First impression on unpacking the Q702 test unit was the solid feel and clean, minimalist styling.
Let's Tap's unique gimmick is fairly impressive: you place the Wii Remote on a box and tap on the surface to control a variety of mini-games
- Interesting and innovative use of the Wii Remote tech
- The included mini-games lose their appeal after a while, is there enough 'game' to satisfy gamers?
I didn't quite know what to make of Let's Tap when it first showed up in the GP offices, and was even more surprised at the amount of attention it was drawing. When I finally sat in on a few rounds of Tap Runner, I'll admit — I was automatically intrigued. Interesting control mechanics meet surprisingly solid game design in this fun, if simple title.
Let's Tap's unique gimmick is fairly impressive: you place the Wii Remote on a box and tap on the surface to control a variety of mini-games. The vibrations are picked up by the Wii Remote's accelerometer and translated into on-screen action. There are five types of mini-games that take advantage of this unique control scheme and while they're all interesting, some are more successful than others. Honestly, I had the most fun with the Visualizer mode; it's a freeplay mode that lets you just tap out rhythms to do things like shoot off fireworks and create calligraphy drawings. Tap in the right combination of light, medium and strong taps and you'll unlock a cool visual treat -- it's like using Morse code to spell out words.
It's actually a lot of fun and I could easily see kids being enthralled by it. The fact that you can go at your own pace and that something is always happening on the screen makes it the perfect little visual toy to play around with. The other modes are a mixed-bag, though. I thought Tap Runner was pretty entertaining (you race a little faceless man through an obstacle course by tapping in rhythm) and Rhythm Tap has some potential (you tap to the beat of various songs) but Silent Blocks (it's basically Jenga but you tap out each piece) and Bubble Voyager (you keep a jet-packed character in the air by tapping and help him navigate through trap filled levels) were rather weak.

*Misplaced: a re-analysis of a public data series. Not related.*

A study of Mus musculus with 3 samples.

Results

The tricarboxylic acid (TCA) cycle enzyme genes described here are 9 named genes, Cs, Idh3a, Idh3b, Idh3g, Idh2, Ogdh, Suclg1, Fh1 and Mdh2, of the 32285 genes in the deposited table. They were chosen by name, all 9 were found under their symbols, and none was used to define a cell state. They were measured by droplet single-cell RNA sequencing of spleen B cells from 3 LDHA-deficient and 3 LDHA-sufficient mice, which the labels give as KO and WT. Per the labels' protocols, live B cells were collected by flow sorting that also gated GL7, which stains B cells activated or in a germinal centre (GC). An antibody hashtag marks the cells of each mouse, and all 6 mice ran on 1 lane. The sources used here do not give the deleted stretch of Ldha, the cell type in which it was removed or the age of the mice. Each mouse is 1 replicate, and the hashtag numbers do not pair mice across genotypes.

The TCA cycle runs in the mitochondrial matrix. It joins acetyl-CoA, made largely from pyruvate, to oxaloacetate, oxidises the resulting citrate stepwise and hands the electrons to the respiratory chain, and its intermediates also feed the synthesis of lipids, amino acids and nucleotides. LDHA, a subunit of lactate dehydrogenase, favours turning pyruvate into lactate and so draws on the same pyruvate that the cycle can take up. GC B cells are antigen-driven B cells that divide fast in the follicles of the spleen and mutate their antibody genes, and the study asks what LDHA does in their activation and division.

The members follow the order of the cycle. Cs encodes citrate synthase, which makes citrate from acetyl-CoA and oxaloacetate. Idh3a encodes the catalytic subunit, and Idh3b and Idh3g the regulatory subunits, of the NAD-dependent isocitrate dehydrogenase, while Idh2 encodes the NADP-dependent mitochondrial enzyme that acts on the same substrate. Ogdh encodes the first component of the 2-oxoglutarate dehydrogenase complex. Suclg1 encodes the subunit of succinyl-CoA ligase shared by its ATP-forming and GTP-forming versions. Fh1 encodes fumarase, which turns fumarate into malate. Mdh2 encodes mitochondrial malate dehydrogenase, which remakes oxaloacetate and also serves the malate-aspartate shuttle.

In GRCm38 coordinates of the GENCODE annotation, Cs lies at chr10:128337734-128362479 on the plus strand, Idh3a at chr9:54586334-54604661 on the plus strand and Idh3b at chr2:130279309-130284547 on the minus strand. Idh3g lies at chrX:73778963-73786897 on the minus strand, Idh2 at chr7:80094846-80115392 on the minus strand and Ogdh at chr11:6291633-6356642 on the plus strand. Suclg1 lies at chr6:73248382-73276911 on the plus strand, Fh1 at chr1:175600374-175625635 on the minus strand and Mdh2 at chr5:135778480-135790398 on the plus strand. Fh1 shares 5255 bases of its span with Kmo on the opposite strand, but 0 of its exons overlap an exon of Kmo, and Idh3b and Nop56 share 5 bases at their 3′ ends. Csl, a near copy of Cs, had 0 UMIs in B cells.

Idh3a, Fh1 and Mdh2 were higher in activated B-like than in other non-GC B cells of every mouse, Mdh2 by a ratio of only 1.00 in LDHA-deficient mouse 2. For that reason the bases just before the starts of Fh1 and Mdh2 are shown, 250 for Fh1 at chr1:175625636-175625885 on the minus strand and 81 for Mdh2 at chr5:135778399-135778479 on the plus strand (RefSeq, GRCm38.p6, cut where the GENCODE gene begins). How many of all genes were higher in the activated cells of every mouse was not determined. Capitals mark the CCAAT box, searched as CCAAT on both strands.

Straight Out of the Tap
I almost wish that Let's Tap's control scheme had been invented by WarioWare developers Intelligent Systems instead. A combination of the unique tap controls with a series of quirky rapid-fire mini-games would have been awesome because Let's Tap's mini-game collection quickly loses its appeal. I grew bored with the five modes after a while; even the Visualizer starts feeling dull eventually.
Still, the control scheme is interesting and unique enough that I think some Wii owners will dig it. The novelty wore off pretty quickly for me but some of you might find it charming enough to play through all of the modes multiple times; multiplayer also holds some potential and I can easily see people tapping together at Wii parties. And if you want a silver lining, the technology is damn solid and proven, so here's hoping that other developers take notes and find other innovative uses for it.
For work use, Microsoft Word and Excel programs pre-installed on the device are adequate for preparing short documents.
The Fujitsu LifeBook UH574 allowed for great mobility without being obnoxiously heavy or clunky. Its twelve hours of battery life did not disappoint.
The screen was particularly good. It is bright and visible from most angles, however heat is an issue, particularly around the Windows button on the front, and on the back where the battery housing is located.
My first impression after unboxing the Q702 is that it is a nice looking unit. Styling is somewhat minimalist but very effective. The tablet part, once detached, has a nice weight, and no buttons or switches are located in awkward or intrusive positions.